Malayalam Poetry : S. Joseph’s Poems


Translated by Aditya Shankar

(Translator’s Note: The finest of contemporary Malayalam poetry represents the latest poetic sensibility that is on view today. A poem that is able to mend its language and meaning, and blend into the issues of our time will break the barriers of language eventually. In fact, as a translator, I believe it becomes the need of other languages to grow and adapt to the new shapes of meaning that a poem carves for itself. My project ‘Malayalam Poetry in Translation’ is an attempt to showcase the work of some of the finest poets writing in Malayalam. I believe it is only apt to clarify in this note that new poetic sensibility is in no way co-related to the age of a poet, but is a product of her/his poetic outlook and awareness. Also, the scope of this translation series is limited to a sample size and do not encompass the entire spectrum of contemporary Malayalam poetry. Every notable poet manages to continually reinvent his poetic landscape and the poets featured in this series are no exception.)


Have never been to a prison,
never seen prisoners.

Have looked over
the moss strewn prison wall,

have wondered about the
cells and inmates.

May be,
a criminal would have imagined
me and the outside world
from the prison.

He doesn’t know me.

But someday,
the trail of his memory
that begins from the prison
could advance till it halts
at my cell
where I penned these words.

A cell
contained within a
larger window partitioned into
cells of religion, caste and color.

It is so because
his memory is
just like my words
that scatter, scurry
or gel together
to bang into the same dot.

(Translation of JailIdentity Card, DC Books)


 

Water

Earlier,
we never had a well.

We headed to the house of Kunsans
for water.

While they used
pulley and bucket to draw water
from their courtyard well,

further down,
we scooped water using
areca palm spathes

or from
the streams in the fields.

Mom and grandma
who collected water
were tied to the ends of our call
from the courtyard.

Absorbed in village gossip,
they did not know how time passed.

After a day’s work,
father arrived like a pot of toddy.

He quarreled with mom,
complaining that bathing water
isn’t warm enough
and drained all the collected water.

Slaps, punches and kicks.
Our neighbors would gather.

Then,
holding lighted candles
dad and me headed for water.

As the drama wasn’t over,
the night that had the
curtain strings tied to his legs,
fell asleep.

Now, we have a well.
But no water.

Tilting the well,
we ooze out four buckets of water.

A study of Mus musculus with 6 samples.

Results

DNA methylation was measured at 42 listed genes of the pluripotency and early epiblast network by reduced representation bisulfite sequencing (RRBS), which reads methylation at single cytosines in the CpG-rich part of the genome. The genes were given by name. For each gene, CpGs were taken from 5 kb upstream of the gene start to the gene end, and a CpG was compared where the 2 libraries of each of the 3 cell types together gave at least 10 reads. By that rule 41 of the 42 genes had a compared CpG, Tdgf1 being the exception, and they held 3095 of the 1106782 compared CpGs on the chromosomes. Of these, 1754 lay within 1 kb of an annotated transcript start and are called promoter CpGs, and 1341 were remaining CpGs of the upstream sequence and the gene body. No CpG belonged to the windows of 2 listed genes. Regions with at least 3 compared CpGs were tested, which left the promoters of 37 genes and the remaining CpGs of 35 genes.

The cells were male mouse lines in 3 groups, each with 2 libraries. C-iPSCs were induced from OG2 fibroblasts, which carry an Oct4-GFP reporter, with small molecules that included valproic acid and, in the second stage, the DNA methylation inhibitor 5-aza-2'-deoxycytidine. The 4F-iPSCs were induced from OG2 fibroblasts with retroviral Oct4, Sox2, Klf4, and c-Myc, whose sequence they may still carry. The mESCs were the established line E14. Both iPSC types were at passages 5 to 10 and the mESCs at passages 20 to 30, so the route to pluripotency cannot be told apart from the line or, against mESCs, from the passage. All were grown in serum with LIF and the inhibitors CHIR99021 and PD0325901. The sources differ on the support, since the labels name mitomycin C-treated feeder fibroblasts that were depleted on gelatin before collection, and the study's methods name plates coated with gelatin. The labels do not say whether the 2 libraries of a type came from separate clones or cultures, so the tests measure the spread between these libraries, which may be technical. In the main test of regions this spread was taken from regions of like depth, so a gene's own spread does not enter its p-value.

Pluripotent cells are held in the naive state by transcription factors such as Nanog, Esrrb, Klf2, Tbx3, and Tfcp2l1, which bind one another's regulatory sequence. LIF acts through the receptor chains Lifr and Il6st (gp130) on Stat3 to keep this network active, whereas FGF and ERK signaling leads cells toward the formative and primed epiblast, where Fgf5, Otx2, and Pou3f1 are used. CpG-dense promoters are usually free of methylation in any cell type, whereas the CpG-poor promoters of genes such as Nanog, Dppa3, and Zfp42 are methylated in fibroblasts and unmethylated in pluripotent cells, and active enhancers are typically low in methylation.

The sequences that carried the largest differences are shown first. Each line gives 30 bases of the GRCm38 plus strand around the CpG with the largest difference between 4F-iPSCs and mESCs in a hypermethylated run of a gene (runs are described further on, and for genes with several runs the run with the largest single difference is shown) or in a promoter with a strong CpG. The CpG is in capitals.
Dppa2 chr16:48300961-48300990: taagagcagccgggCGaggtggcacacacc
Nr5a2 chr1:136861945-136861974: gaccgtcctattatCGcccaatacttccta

(Translation of Vellam, Page 24, Identity Card, DC Books)


Between the Lines

Between the lines,
may be you and me will cease to be.

We are strangers.
Perhaps, our paths crossed
at the beach or town or the beach.

You could be the one
leaning on the parapet of the bridge
to watch the angler beneath.

Or, we could have met
while shopping for meat or medicine.

We are all laymen trying to perform
extraordinary tasks, aren’t we?

You drive a vehicle,
open a retail store on loan,
clear an examination,
bursts into a song.
I try to write poems.

May be
our acts will outlive our longevity.

I will cease to be in the midst of writing,
and you, while reading.

(Translation of Ee Varikkalkkidayil, Page 21, Identity Card, DC Books)


 

About the Author:

S. Joseph (Joseph Sebastian, b. 1965 , at Pattithanam, a  little village in Kottayam District, Central Kerala, is a Malayalam poet who started writing poetry at the age of 16. D.C Books published his first collection of poems Karutha Kallu (Black Stone) in 2000,which won the Kerala Sahitya Akadami Kanakasree award. Meenkaran (Fish Monger) was his second book (2003) which received notable attention among Malayalam readers. Malayala Manorama’s Editors’ Choice selected it as the one among the best five books  2003.His third book was Identity Card published by D.C. Books (2005). India Today Malayalam selected it as the one among the best ten books of  2005. He has published a novel  Pulariyile Moonnu Thengukal  (Three Coconut trees in the Morning) too. His fourth collection of poems is Uppante Kooval Varakkunnu (Drawing the Cry of the Crow-Pheasant) which received Thiruvananthapuram Pusthakamela Puraskaram for being among the best ten Malayalam books of  the year 2009.

About the Translator:

Aditya Shankar is a Pushcart Prize and Best of the Net nominated poet, flash fiction author, and translator. He edited Tiny Judges Shall Arrive (AHRC, Hong Kong), a selection of  KG Sankara Pillai’s poems translated into English. His translations have appeared in the SAARC anthology of poetry, Muse & Murmur, Modern Poetry in Translation, Ethics in Action and elsewhere. His poems have been translated into Malayalam and Arabic and published from 20 or more nations. His poetry collections include After Seeing (2006), Party Poopers (2014), and XXL (Dhauli Books, 2018). His short films have participated in International Film Festivals.  He lives in Bangalore, India . (https://adityashankar.ucraft.net/).